After a promising end to the 2020 campaign which saw the rebranded French squad claim three podium finishes across the final seven races, Alpine had hoped to move a step closer to the front of the midfield this year.

But a tough start to the season has seen it pick up just three points from the opening two races in Bahrain and Imola, with Alpine appearing to have lost competitiveness and slipped further back into the pack.

According to Alpine’s executive director Marcin Budkowski, the team was well aware that it was in for a difficult start after pre-season testing confirmed its biggest fears.

“Unfortunately it’s not completely a surprise because we had a few issues over the winter that we knew would affect our performance and of course we went to the Bahrain test and our fears were true,” said Budkowski.

“So we knew we were on the back foot going into testing and then going into the first races. We are working hard on trying to improve the car.”

When asked to elaborate on the exact nature of the problems the team had encountered, Budkowski revealed it was a combination of adapting to new rules for 2021 as well as issues “in the wind tunnel”.

“That was two-fold,” he explained. “We had issues related to the actual change of regulations and the actual various flow features that it kind of induced on the car.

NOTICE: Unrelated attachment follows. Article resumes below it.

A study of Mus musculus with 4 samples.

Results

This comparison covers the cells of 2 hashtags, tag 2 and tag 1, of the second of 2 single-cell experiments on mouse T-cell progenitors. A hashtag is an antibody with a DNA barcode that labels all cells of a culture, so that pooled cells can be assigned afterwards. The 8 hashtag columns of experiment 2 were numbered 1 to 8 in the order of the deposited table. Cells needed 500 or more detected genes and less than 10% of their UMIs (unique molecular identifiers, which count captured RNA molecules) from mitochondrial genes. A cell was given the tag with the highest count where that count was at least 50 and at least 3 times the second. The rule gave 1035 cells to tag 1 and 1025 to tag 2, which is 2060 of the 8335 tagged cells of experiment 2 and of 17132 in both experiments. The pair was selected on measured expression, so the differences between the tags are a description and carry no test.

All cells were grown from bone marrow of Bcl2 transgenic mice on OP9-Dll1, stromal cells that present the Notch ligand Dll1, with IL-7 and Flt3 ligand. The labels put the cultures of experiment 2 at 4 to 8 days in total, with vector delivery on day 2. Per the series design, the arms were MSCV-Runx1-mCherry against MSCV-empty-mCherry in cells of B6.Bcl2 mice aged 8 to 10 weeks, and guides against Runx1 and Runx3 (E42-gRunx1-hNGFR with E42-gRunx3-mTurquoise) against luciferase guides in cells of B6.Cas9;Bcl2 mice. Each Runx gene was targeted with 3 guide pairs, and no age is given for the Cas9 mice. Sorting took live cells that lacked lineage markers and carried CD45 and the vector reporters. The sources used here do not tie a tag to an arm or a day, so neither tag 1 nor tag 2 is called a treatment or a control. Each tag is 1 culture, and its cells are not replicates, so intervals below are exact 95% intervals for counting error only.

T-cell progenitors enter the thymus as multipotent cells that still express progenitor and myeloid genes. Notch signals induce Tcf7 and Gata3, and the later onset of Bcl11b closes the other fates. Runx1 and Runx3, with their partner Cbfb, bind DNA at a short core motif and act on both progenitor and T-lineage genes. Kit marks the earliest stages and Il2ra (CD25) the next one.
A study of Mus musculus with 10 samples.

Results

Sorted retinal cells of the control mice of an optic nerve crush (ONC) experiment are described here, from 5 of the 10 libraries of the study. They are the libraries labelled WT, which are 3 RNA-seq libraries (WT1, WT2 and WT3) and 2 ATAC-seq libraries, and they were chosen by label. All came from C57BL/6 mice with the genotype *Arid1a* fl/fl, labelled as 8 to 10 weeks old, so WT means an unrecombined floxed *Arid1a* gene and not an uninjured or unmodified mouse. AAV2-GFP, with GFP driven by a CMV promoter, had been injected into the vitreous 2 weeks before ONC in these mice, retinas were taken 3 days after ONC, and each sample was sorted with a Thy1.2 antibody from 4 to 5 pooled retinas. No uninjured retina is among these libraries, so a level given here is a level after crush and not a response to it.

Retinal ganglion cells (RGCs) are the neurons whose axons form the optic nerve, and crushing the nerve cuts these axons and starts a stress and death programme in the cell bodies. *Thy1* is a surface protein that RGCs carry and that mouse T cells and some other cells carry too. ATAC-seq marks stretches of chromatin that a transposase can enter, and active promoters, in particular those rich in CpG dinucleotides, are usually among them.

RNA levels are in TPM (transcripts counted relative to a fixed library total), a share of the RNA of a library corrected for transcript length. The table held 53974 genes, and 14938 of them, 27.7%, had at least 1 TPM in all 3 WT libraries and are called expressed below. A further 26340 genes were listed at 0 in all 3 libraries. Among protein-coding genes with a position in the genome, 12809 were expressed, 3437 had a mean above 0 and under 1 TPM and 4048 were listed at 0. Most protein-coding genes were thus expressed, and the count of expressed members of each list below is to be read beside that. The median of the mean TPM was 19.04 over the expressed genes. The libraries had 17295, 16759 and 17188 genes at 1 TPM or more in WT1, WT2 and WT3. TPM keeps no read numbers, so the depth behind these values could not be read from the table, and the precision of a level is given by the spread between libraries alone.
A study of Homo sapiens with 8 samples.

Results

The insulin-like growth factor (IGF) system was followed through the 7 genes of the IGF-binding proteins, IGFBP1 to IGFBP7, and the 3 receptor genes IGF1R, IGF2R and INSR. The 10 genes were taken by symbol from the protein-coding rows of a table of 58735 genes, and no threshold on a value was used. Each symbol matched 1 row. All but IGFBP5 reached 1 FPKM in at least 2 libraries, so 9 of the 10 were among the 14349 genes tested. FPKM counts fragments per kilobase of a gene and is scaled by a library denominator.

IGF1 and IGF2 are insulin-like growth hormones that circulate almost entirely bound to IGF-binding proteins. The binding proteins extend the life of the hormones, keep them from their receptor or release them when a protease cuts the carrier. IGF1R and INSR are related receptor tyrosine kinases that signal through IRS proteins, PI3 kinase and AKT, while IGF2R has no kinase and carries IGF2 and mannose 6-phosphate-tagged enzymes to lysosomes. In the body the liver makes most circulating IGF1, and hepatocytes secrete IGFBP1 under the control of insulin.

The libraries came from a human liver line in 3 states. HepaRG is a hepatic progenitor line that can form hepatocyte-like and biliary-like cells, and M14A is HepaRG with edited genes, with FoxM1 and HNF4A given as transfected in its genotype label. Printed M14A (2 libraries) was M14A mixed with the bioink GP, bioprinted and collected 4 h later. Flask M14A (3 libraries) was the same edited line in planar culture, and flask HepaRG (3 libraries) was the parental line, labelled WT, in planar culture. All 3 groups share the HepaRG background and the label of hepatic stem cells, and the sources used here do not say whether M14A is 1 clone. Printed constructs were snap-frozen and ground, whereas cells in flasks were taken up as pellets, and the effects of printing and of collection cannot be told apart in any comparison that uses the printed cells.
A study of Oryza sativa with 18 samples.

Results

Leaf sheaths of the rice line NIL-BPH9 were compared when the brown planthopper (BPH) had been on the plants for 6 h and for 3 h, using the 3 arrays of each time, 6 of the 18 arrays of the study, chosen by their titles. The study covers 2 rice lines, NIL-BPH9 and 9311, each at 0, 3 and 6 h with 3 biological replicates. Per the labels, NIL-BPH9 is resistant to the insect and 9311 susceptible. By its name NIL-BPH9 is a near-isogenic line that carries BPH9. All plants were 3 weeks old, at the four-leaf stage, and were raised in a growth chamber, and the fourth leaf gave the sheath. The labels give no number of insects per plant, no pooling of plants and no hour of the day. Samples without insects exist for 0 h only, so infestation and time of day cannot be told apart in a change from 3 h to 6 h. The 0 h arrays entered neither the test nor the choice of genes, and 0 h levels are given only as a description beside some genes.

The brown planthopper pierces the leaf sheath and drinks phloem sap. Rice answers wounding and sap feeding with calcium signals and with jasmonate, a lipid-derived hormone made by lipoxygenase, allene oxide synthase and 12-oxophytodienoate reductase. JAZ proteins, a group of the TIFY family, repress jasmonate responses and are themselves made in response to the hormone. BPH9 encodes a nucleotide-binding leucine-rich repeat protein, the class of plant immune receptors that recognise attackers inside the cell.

"And we had issues with hardware, the tunnel and the testing as well. The consequence is not that we lost more performance than others, or lost differently, it’s just that we lost development time which is a valuable currency in Formula 1, because everybody has the same amount of testing they can do. It’s limited by regulations.

“So, when you are trying to stabilise your aerodynamic flow features, or you’re trying to get your tunnel to give you the right numbers, the others during this time continue developing the car and put performance in it.

“So that’s effectively what happened. We lost a few weeks of development and weeks of development just transformed into tenths of seconds.”

Budkowski said the team believes it has now addressed the problem and is hopeful it won’t resurface to impact the development of Alpine’s 2022 F1 car.

“The aerodynamic features; is this related to next year? Well, next year is a completely different ball game, it’s a completely different car, different set of regulations.

“In terms of improvement to our hardware and our infrastructure, it’s continuous improvement. We’ve solved our issues so we continue to invest and improve our windtunnel.

“Fingers crossed, we don’t get issues again next year but certainly it’s up to us to improve our understanding and our development capabilities.”